Difficulty:BeginnerLength:ShortLanguages:
This post is part of a series called Producing Vocals: From Mic Placement to Mixing.
Working a Multi-pattern Mic for Vocals
How to Process Vocals for Podcasts or Voiceover

The vocal sound is one of the most important aspects of a song. A guitar sound is pretty subjective and even drums can sound a little off without it taking away from the song. Especially if that song has a really great vocal production.

Doubling vocals is one of the most common ways to thicken up a vocal sound. It adds a dimension to the track that no artificial processing can do. Done right with an emotional performance you can double the power of emotion in the song.

But do it wrong and it'll just end up sounding weird.

In the following tutorial we're going to look at why you should double vocals, why automatic double tracking of vocals will never be a good substitute, what you should avoid, and how you can get a little creative.


Why Double Vocals?

A common question people ask is:

How do I get thicker vocals?

Plug-ins like EQ, compression, delay and reverb will all help to thicken up your vocal sound. However, there's nothing that fattens up a vocal performance like a well sung double. With those other plug-ins you're still just processing that one track and that will only go so far. But if you're working with two really good vocal takes, the vocal sound becomes better almost immediately.

Many engineers tend to get lazy and just use automatic double tracking to double the vocals. That will never stand up to an actual double since the intricacies of the performance are so different, even if the singer sings the exact same thing. With ADT you're simply copying the performance and delaying it slightly to create a perceived double.

With an actual double you're not delaying anything. The slight differences from one take to the other is what makes the double so special.


The Power of Subtlety

Many mixing tricks go unnoticed. Their point isn't to draw attention to themselves, but to the song. The same goes for a vocal double. You shouldn't necessarily hear if the vocal is doubled, but you should hear a difference if it's taken away. That's the thickening power of the double. It beefs up the sound without drawing attention to itself.

A normal, mono vocal sounds fairly good on its own.

It has reverb and delay on it since I'm currently working on it.

But with a double it sounds thicker:

But if you add too much it becomes a little too chorusy for my taste.

Someone might like it and leave it like that, but that's not the point I'm trying to make. Adding too much double is straying into "effects" territory, and we're mostly concerned with getting a solid, thick vocal sound and not a chorusy effect. To me it sounds unnatural and jarring to the ear.

To make it even more subtle, you can use EQ to tame the vocal double. By cutting in specific frequency areas where the vocal is most prominent you can reduce the attack and presence of the double, making it blend in more.

Screen Shot 2013-06-04 at 11.07.06 AM

Reducing the presence in the high-mids is also pretty effective at making backing vocals blend in better. By reducing the mids and highs they sit better in the mix and don't take attention away from the lead.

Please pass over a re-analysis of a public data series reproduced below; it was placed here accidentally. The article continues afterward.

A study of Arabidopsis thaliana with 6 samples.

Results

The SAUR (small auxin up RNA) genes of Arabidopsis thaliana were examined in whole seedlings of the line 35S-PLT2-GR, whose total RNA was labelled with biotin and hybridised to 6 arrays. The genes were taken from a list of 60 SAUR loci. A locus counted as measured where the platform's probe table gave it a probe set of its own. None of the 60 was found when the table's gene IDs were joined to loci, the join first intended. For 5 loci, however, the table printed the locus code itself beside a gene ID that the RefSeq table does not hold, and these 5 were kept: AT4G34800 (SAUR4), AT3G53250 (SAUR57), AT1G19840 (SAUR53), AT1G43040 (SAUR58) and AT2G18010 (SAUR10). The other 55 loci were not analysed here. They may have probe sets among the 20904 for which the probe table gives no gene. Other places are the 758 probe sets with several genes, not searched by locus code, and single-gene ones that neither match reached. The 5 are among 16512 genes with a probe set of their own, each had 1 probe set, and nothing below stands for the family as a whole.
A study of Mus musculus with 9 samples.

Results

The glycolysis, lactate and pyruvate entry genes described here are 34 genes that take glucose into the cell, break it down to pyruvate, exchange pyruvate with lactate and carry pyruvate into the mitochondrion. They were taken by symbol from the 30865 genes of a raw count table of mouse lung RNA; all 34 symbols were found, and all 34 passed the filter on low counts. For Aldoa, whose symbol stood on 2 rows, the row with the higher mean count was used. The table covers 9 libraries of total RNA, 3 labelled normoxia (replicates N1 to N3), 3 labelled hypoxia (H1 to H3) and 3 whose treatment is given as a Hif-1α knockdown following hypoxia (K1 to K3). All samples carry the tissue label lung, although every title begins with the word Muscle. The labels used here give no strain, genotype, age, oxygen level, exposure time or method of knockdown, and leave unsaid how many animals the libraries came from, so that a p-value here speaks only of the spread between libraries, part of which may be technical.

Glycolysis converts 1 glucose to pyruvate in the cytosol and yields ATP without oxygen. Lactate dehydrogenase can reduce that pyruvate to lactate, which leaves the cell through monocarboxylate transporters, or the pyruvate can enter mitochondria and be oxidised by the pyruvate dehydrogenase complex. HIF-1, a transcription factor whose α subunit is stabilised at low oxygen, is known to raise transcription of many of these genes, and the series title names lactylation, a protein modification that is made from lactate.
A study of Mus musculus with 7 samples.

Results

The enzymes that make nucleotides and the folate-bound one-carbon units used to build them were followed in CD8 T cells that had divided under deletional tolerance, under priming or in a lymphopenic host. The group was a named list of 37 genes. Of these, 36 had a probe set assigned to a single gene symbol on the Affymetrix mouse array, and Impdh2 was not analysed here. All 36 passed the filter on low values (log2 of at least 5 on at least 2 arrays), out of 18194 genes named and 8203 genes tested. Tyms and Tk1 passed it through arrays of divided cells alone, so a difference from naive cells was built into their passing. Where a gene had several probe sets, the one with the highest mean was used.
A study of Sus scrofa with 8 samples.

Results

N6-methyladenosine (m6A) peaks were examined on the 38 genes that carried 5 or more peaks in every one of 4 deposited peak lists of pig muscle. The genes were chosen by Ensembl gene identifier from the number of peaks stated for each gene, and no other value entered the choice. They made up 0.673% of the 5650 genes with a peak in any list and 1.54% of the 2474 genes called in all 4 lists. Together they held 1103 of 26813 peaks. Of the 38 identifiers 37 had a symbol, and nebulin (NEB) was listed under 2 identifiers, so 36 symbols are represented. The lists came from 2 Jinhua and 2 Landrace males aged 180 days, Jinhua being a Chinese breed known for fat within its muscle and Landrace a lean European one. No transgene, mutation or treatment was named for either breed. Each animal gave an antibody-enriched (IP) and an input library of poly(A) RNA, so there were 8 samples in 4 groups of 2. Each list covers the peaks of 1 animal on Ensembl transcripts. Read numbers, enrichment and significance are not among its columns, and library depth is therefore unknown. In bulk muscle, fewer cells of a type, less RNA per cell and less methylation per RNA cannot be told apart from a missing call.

Creative Vocal Doubling

Using doubles can get creative, even if you want to keep the chorusy effects subtle.

One way is to enhance certain parts of a song with some creative panning. If a song builds from a verse to a pre-chorus into a full chorus then there's reason to use the vocals to add to that build up.

In this next audio clip I've made the lead vocal slowly pan out to both sides, enhancing the stereo spectrum and making the chorus sound bigger and bigger.

The part starts off with a lonely double in the middle. Once the second part kicks in, the two lead vocals have been panned to opposite sides where they slowly pan out hard left and right until the chorus.

Screen Shot 2013-06-04 at 11.23.48 AM

In this example the backup vocals are placed closer to the center than the actual lead. You don't always have to fix the lead vocal to the center if you want to get creative.

Just listen to all the vocals soloed to hear the difference the panned vocals make.

It might sound cool with everything stacked together like that but in the context of the music the spread of the vocals just sounds much better.

Different Ways of Creativity

You can do a lot with vocal doubles. For instance, if you already have a pretty great vocal sound you could use the double to accent certain phrases. You just mute the whole double except for the phrases that you'd like to accent. Specific words in a verse might evoke more emotion if doubled and doubling the closing phrase of a verse serves to reinforce the power of that part.


Conclusion

Doubling vocals is a powerful technique for a great vocal production. It's simply one of those things that doesn't stick out too much but still a necessary ingredient for a good sound.

I hope this tutorial has helped you to understand the importance of using actual doubles instead of relying on artificial double tracking. In addition, the use of EQ and volume can make the double fit right in. Finally, getting creative with panning and your backing vocals can really create a wall of vocals that enhance your musical production like nothing else.

Tell us some of your tricks you've used in your vocal productions in the comments below.